CINCINNATI -- There’s a growing mantra being repeated by past, present and future entrepreneurs throughout StartupCincy , the brand name created by these very same entrepreneurs to describe Cincinnati’s entrepreneurial economy and their place in it
Tried coworking? Didn’t like it? Try coworking again. Cowork better.
Office rates (like our parking) are frequently affordable in Greater Cincinnati. It’s no surprise to leaders at commercial real estate firms that low rental costs result in lukewarm interest around growing Cincinnati’s shared office ecosystem.
Why share, ask commercial agents, when you can affordably lease a place all your own?
However, Kinglet , a new commercial leasing startup based in Baltimore, has re-ignited local discussion around the creative and business benefits that come from sharing quality work spaces, even when a fledgling startup or solo entrepreneur can afford a private office.
Kinglet hosts include creative agency BLDG and Braxton Brewing Co. , both in Covington; the Downtown offices of software development consultancy Differential ; Powerhouse in Newport; and the road trip planning company, Roadtrippers , located in Over-the-Rhine.
A successful Feb. 5 launch party continues to generate would-be clients scheduling time to speak with Kinglet co-founder and CEO Alex Kopicki about joining one of their host workspaces. More importantly, Kopicki and his co-founder and CMO Jeff Jacobson, both former real estate pros, are already expanding their Cincinnati network with plans for 10 new host offices in additional neighborhoods like Blue Ash.
For Kopicki, the Kinglet allure is more than fast Internet, free coffee and furnished spaces. It’s about the creative boost that comes via working at a creative hub like Roadtrippers.
Picture yourself walking into the former Crown Brewery space, currently transformed into the stylish Roadtrippers offices. Enjoy the exterior brewery district mural and gaze out the building’s floor-to-ceiling windows.
It’s impossible not to be inspired.
“Success breeds success,” Kopicki tells us. “Creative people wonder, how do things go down at places like Roadtrippers and BLDG? These are companies at a different stage than their own. Just think about the potential for collaboration and picking up work from your host company. That alone warrants the price of entry.”
While area business chambers remain focused on landing the next corporate headquarters or manufacturing plant, office sharing platforms like Kinglet look to grow Cincinnati’s economy by expanding its co-working ecosystem.
Kinglet distinguishes itself from traditional, coworking facilities and plays a key role in the sharing economy, Kopicki adds, by offering entrepreneurs and freelancers a chance to easily search a database of shared offices; schedule onsite tours with potential hosts (yes, hosts, not landlords); apply online and quickly and easily meet and greet their new co-workers. Kinglet also provides creative businesses an opportunity to generate additional revenue from unused office space.
“Space is expensive, and creative companies are never the same size in terms of head count,” Kopicki adds. “Kinglet gives our hosts a flexible option to reduce overhead and create a network of vendors and freelancers in their space. Recruiting talent is competitive in the startup world and we give our hosts an advantage.”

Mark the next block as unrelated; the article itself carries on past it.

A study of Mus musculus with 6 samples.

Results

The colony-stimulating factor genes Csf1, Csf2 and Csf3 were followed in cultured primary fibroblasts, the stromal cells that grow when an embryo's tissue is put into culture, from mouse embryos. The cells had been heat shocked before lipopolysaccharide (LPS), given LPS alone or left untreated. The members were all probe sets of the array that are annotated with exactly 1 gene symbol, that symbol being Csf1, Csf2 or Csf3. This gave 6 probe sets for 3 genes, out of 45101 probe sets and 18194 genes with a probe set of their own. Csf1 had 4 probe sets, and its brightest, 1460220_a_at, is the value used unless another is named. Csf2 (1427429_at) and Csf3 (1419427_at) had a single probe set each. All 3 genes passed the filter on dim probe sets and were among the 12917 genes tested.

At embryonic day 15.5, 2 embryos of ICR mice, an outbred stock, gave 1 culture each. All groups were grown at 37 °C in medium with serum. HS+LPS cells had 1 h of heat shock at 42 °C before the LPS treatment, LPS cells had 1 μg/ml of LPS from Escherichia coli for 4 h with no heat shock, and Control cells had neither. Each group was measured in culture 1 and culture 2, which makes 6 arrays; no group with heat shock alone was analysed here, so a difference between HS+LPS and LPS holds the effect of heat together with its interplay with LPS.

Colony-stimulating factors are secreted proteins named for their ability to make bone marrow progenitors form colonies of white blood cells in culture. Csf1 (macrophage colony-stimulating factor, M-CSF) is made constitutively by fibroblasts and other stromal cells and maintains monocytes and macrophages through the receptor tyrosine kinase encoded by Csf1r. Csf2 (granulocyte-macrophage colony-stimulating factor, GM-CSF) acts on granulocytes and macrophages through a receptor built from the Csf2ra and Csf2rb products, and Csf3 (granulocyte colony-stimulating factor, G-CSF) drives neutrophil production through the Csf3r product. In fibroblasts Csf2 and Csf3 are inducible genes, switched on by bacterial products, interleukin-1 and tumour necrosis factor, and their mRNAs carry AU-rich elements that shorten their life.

More importantly, Kopicki expects Kinglet to be the first in a series of 2016 coworking projects looking to radically transform Cincinnati’s office environment.
Maybe you prefer an “official” coworking hub like Covington’s Platform 53 , which opened its doors in September 2014 after eight months of pop-up events.
Perhaps you’re waiting to see if chatter from major developers results in large-format coworking environments in OTR. Maybe you’re anxiously awaiting confirmation from collaborative workspace behemoth WeWork Co. to see when its expansion plans result in a Cincinnati facility.
Of course, you always have your neighborhood coffee bar to serve as your meeting spot of choice (See you at Coffee Emporium in OTR!), or can join a startup accelerator like CintriFuse or The Brandery .
For Platform 53 founder Stacy Kessler, it’s important that Greater Cincinnati offers more third spaces and shared work environments in order to serve a local entrepreneur community that’s growing more diverse.
“I think it’s all about community,” Kessler says after offering a Platform 53 tour to a potential coworker. “People tend to look for a space they feel fits with their with their culture and vibe. I think someone who’s here at Platform wants to build relationships with other people and appreciate the personalities working in the space.”
Coworking leaders like Kopicki and Kessler may offer different models to Cincinnati’s growing community of contractors, freelancers, startup founders, entrepreneurs and solo-preneurs, but they both want the Queen City to help ignite new trends in shared workspaces.
They embrace the Coworking Manifesto , an online document promoting the values of coworking, as well as studies showing that coworkers value their work more than people based in traditional offices.
Basically, Kessler, who also operates her own consulting business out of Platform 53, wants Cincinnati to be a considered a coworking thought leader, a place entrepreneurs seek out to build their businesses and their dreams.
As far as Kessler is concerned, if you surround yourself with success, you too will be successful. Success can be contagious – like the common cold – if you’re in the right space.
“Coworking spaces are a good identifier for how progressive and welcoming a city is to entrepreneurs,” Kessler says. “Cincinnati is improving and has the right mindset, but we need more resources and more people to think outside the tech world.”
Sounds like a perfect challenge for some creative coworkers.